Send Thank-You Notes; Real Ones

It’s really easy to send email. It’s fairly easy to find and use a telephone number. So, what do you do when you really want to thank someone for something? I say, go back to the good old snail mail and send a Thank-You note. Here are some thoughts:

  • Get clever about the notes– Don’t just go buy a box of nice matching stationary (unless you’re a stuffy law firm or an actuary). Try something different, something eye-catching. Go buy comic books from the dollar bin and a package of mid-sized rectangle stick-on labels. Try cutting up matching-sized stuff that normally would go into your recylcling bin. Do something to set your thank-you apart from the rest of the mail. (Bonus- if you size it identical to a typical post-card and make it out of card stock (cereal boxes?), you can pay less to mail it (in the US at least).
  • Be specific– Don’t just send a “thanks” and sign it. Write something more direct, “Fred- It was great talking with you. I’m excited about posting the interview soon.” That helps people remember WHY they’re getting the thank-you.
  • Market just a little, but not a lot– Use the thank-you card to strengthen your brand, personal or otherwise. With my “Fred” example, maybe I’d add on, “Keep checking in at Lifehack.org for that interview.” Of course, I’ll email Fred when it’s posted, but he’ll get the thank-you card as a visual reinforcement. Bonus: if you make a really attractive note, they might post it at their desk, so consider having your URL or something visible on that side.
  • Do it quickly– Thank-you notes aren’t all that useful if you wait a few months to send them. Set a time limit of 2 days to get it out. Move this item high up your list of priorities.
  • Don’t email about the thank-you– It just seems tacky to send email saying, “Did you get that thank-you note I mailed you?” Send it and forget it. Then, if you want more contact, email the person on some other topic. They’ll be prompted to say, “Oh, hey! I got that thank-you note you sent, Chris. That was really clever. I can’t believe you sent me an empty tin can as a note!”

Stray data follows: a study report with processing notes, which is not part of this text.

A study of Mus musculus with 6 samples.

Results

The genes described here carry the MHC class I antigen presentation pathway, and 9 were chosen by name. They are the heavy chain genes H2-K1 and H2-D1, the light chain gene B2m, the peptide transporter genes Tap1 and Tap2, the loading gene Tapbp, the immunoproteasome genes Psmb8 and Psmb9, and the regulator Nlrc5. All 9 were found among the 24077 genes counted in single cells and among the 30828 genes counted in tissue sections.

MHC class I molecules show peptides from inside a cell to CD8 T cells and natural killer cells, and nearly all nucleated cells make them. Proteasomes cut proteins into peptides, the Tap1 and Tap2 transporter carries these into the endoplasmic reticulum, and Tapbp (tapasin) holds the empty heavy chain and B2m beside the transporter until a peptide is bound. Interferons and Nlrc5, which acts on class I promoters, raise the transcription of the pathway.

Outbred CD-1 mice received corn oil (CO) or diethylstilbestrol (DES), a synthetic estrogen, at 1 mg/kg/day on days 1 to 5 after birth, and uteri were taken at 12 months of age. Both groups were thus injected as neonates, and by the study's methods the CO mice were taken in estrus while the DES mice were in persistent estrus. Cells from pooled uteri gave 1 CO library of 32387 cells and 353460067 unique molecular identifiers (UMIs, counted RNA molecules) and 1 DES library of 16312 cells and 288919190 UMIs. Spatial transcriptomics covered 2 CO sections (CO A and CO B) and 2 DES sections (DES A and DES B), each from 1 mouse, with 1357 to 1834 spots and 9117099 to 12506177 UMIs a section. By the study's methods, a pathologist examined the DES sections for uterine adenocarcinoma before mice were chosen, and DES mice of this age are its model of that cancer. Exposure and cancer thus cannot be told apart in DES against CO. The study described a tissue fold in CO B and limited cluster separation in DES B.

YOUR TURN




How to Motivate People Around You and Inspire Them

How to Motivate People Around You and Inspire Them

If I was a super hero I’d want my super power to be the ability to motivate everyone around me. Think of how many problems you could solve just by being able to motivate people towards their goals. You wouldn’t be frustrated by lazy co-workers. You wouldn’t be mad at your partner for wasting the weekend in front of the TV. Also, the more people around you are motivated toward their dreams, the more you can capitalize off their successes.

Being able to motivate people is key to your success at work, at home, and in the future because no one can achieve anything alone. We all need the help of others.

So, how to motivate people? Here are 7 ways to motivate others even you can do.


Most people start out trying to motivate someone by giving them a lengthy speech, but this rarely works because motivation has to start inside others. The best way to motivate others is to start by listening to what they want to do. Find out what the person’s goals and dreams are. If it’s something you want to encourage, then continue through these steps.

2. Ask Open-Ended Questions

Open-ended questions are the best way to figure out what someone’s dreams are. If you can’t think of anything to ask, start with, “What have you always wanted to do?”

“Why do you want to do that?”


“How long has that been your dream?”

You need this information the help you with the following steps.


This is the most important step, because starting a dream is scary. People are so scared they will fail or look stupid, many never try to reach their goals, so this is where you come in. You must encourage them. Say things like, “I think you will be great at that.” Better yet, say, “I think your skills in X will help you succeed.” For example if you have a friend who wants to own a pet store, say, “You are so great with animals, I think you will be excellent at running a pet store.”

4. Ask About What the First Step Will Be

After you’ve encouraged them, find how they will start. If they don’t know, you can make suggestions, but it’s better to let the person figure out the first step themselves so they can be committed to the process.

5. Dream

This is the most fun step, because you can dream about success. Say things like, “Wouldn’t it be cool if your business took off, and you didn’t have to work at that job you hate?” By allowing others to dream, you solidify the motivation in place and connect their dreams to a future reality.


Most of the time, others won’t need anything from you, but it’s always good to offer. Just letting the person know you’re there will help motivate them to start. And, who knows, maybe your skills can help.

7. Follow Up

Periodically, over the course of the next year, ask them how their goal is going. This way you can find out what progress has been made. You may need to do the seven steps again, or they may need motivation in another area of their life.

Final Thoughts

By following these seven steps, you’ll be able to encourage the people around you to achieve their dreams and goals. In return, you’ll be more passionate about getting to your goals, you’ll be surrounded by successful people, and others will want to help you reach your dreams …

Oh, and you’ll become a motivational super hero. Time to get a cape!